The Best Businesses for Dog Lovers


I recently visited some friends from college in Dallas. One of the first things I noticed was how dog-friendly the city is. I commented on it as we sat down to lunch. “Everyone has a dog here,” one of my friends told me. I soon realized that everyone at our table had several things in common:

1) We were all 30-something, child-free professionals.

2) We all had dogs.

3) We all spent a lot of money each month on their dogs. A lot of money.

And our little table is not alone. Americans spent a record $56 billion on their pets last year, and that number is only expected to climb. As we sat discussing how difficult it was to find a good dog-walker and lamenting how all of the best doggie daycares in town have wait-lists, it occurred to me that taking care of other people’s pets can be a lucrative side business.

Here are a few ways animal lovers can earn some extra money:

Start a dog-walking service.
My own Dallas friends spend around $20 a day for someone to come to their homes and take their dogs for a 30-minute walk. This is a very popular service for busy professionals who don’t have time to come home during lunch and walk their dogs or let them out. If you’re a runner, you can charge a little more to take the dogs for a run.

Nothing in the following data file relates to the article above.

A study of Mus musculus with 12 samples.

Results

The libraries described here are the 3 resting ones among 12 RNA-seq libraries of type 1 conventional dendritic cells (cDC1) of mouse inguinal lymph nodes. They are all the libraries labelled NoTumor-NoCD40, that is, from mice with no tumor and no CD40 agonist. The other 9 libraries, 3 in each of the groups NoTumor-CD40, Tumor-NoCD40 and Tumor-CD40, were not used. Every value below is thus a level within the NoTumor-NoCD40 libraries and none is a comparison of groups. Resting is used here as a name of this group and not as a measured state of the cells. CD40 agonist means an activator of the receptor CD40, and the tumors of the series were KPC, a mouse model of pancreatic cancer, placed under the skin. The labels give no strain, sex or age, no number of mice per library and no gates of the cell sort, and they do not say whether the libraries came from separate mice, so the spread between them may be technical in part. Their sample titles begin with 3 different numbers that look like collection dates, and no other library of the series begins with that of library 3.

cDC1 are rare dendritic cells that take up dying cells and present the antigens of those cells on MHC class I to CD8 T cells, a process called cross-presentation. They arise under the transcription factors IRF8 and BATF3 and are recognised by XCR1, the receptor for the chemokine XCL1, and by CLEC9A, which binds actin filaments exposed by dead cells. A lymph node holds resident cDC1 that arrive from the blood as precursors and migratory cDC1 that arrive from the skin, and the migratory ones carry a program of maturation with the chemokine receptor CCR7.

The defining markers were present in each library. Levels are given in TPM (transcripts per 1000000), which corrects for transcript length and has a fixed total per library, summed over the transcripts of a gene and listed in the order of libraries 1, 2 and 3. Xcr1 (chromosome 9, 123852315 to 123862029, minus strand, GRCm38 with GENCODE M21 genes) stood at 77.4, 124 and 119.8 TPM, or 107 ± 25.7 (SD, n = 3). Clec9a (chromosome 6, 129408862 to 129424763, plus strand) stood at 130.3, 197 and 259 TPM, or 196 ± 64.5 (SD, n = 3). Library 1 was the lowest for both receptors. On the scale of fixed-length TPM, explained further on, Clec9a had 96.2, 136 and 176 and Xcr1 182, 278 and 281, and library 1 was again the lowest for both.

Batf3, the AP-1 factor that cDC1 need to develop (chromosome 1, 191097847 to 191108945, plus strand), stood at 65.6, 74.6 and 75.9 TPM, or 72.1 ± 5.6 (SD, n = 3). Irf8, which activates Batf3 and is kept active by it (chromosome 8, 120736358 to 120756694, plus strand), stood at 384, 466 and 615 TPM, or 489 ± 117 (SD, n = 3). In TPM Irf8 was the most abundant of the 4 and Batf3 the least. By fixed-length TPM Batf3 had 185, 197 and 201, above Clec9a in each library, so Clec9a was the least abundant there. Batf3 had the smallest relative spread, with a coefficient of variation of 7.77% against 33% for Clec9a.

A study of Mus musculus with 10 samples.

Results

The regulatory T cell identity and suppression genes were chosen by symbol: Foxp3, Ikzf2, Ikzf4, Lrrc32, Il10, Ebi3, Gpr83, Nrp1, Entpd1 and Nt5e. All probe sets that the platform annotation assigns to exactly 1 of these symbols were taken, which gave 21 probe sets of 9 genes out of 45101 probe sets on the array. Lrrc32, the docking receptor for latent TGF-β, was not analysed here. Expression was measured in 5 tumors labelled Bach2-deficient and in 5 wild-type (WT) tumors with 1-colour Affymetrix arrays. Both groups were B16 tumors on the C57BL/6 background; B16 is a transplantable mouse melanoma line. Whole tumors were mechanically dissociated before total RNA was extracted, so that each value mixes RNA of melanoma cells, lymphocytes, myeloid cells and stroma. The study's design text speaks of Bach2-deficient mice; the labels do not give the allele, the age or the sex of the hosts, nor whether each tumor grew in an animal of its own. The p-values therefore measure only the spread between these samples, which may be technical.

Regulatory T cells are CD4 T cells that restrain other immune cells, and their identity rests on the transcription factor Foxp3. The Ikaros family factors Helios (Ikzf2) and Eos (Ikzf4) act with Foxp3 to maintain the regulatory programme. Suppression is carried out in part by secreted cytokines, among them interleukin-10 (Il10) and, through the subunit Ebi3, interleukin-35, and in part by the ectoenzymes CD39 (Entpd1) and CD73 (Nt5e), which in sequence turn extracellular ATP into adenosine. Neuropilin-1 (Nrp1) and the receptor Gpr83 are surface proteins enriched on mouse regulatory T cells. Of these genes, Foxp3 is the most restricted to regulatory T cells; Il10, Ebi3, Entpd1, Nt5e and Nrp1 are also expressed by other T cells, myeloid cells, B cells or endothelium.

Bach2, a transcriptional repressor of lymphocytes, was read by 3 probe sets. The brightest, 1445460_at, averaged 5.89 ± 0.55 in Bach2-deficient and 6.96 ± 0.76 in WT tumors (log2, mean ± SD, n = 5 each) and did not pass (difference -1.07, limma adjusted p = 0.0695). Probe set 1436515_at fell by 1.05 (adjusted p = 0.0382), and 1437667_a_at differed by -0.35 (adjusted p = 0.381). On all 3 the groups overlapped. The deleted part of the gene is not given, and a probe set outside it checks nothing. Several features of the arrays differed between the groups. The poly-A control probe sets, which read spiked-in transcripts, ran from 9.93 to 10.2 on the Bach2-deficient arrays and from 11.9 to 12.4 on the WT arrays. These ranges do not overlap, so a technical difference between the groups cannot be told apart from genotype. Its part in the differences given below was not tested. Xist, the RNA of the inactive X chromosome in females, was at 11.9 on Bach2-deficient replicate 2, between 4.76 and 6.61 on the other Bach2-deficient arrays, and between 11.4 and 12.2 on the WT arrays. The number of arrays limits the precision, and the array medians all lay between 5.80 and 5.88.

Be a pet sitter.
Doting pet parents don’t like leaving their dogs and cats at a boarding facility, which can be stressful for the animal. Instead, they pay pet sitters to come and take care of their pets while they’re out of town. Advertise your services on your own, or join a site like DogVacay and sign up as a host.

Start a pet shuttle. 
I have a coworker who hired a dog shuttle service to transport her dog by car from Washington to Nevada when she moved. The cost? $2,000. You can also stay local, shuttling pets to and from their vet and grooming appointments or dropping them off and picking them up from daycare.

Start a doggy daycare.
This one will require some licensing and proper insurance, but if you have a fenced yard, a doggy daycare can turn into a cash cow. Pet owners who don’t want to leave their pets alone during the day routinely pay $250-300 a month and more for doggy daycare.

These may seem like simple side jobs, but you’d be surprised at how lucrative they can be. So if you love dogs and you love money, give a dog-based service a try.